Speech is a complex phenomenon. People rarely understand how is it produced and perceived. The naive perception is often that speech is built with words, and each word consists of phones. The reality is unfortunately very different. Speech is a dynamic process without clearly distinguished parts. It’s always useful to get a sound editor and look into the recording of the speech and listen to it. Here is for example the speech recording in an audio editor.
All modern descriptions of speech are to some degree probabilistic. That means that there are no certain boundaries between units, or between words. Speech to text translation and other applications of speech are never 100% correct. That idea is rather unusual for software developers, who usually work with deterministic systems. And it creates a lot of issues specific only to speech technology.
Structure of speech
In current practice, speech structure is understood as follows:
Speech is a continuous
audio stream where rather stable states mix with dynamically changed states. In this sequence of states, one can define more or less similar classes of sounds, or phones. Words are understood to be built of phones, but this is certainly not true. The acoustic properties of a waveform corresponding to a phone can vary greatly depending on many factors – phone context, speaker, style of speech and so on. The so called coarticulation makes phones sound very different from their “canonical” representation. Next, since transitions between words are more informative than stable regions, developers often talk about diphones – parts of phones between two consecutive phones. Sometimes developers talk about subphonetic units – different substates of a phone. Often three or more regions of a different nature can easily be found.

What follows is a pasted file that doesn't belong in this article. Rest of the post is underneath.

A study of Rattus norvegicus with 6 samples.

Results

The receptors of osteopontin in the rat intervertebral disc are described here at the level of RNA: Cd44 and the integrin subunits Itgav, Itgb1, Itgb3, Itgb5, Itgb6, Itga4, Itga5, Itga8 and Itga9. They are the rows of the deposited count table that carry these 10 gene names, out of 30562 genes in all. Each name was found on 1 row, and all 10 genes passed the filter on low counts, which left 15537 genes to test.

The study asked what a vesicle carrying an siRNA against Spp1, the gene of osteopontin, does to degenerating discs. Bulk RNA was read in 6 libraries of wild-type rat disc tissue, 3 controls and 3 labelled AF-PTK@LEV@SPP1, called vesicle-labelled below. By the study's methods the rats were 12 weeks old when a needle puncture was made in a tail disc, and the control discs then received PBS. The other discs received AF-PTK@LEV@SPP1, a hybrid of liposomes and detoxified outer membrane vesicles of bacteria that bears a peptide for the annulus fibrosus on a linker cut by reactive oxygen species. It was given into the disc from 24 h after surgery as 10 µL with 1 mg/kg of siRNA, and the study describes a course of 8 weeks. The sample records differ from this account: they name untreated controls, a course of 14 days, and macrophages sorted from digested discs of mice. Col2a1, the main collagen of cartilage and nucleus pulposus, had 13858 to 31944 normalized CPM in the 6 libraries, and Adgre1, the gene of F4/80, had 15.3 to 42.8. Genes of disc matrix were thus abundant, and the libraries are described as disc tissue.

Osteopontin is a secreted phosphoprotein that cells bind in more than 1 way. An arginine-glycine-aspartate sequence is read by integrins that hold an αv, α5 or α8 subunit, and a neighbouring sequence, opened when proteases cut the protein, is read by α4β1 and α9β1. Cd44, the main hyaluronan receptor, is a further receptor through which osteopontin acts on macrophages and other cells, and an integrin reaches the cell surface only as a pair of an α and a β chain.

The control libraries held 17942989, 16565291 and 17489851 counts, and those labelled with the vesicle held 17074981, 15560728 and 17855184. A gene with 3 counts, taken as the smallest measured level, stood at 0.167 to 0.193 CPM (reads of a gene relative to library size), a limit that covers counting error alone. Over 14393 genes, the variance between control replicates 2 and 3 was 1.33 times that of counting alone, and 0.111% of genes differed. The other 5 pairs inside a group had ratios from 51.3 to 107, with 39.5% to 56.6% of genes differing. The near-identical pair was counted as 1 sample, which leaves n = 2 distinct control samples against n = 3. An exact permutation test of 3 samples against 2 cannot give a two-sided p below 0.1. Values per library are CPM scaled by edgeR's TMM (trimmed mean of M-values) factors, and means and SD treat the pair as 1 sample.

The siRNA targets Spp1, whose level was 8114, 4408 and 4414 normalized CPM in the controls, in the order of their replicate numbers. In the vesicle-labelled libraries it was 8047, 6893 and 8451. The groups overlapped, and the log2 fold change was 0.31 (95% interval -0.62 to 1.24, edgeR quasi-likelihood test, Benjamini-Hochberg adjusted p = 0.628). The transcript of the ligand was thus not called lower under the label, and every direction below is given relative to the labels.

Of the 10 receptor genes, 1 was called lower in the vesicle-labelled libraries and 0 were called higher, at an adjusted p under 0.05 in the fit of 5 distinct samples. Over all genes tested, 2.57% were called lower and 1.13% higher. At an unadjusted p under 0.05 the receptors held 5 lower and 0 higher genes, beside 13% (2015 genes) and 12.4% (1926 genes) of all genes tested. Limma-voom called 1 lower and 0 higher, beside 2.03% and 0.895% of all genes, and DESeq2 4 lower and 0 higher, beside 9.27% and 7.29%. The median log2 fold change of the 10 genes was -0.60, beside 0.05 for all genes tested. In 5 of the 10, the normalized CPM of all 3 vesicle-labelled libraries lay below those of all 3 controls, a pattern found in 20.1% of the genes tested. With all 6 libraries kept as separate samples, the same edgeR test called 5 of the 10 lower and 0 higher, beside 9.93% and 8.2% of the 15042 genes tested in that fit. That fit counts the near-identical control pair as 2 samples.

The number three is easily explained. The first part of the phone depends on its preceding phone, the middle part is stable, and the next part depends on the subsequent phone. That’s why there are often three states in a phone selected for HMM recognition.
Sometimes phones are considered in context. There are triphones or even quinphones. But note that unlike phones and diphones, they are matched with the same range in waveform as just phones. They just differ by name. That’s why we prefer to call this object senone. A senone’s dependence on context could be more complex than just left and right context. It can be a rather complex function defined by a decision tree, or in some other way.
Next, phones build subword units, like syllables. Sometimes, syllables are defined as “reduction-stable entities”. To illustrate, when speech becomes fast, phones often change, but syllables remain the same. Also, syllables are related to intonational contour. There are other ways to build subwords – morphologically-based in morphology-rich languages or phonetically-based. Subwords are often used in open vocabulary speech recognition.
Subwords form words. Words are important in speech recognition because they restrict combinations of phones significantly. If there are 40 phones and an average word has 7 phones, there must be 50^7 words. Luckily, even a very educated person rarely uses more then 20k words in his practice, which makes recognition way more feasible.
Words and other non-linguistic sounds, which we call fillers (breath, um, uh, cough), form utterances. They are separate chunks of audio between pauses. They don’t necessary match sentences, which are more semantic concepts.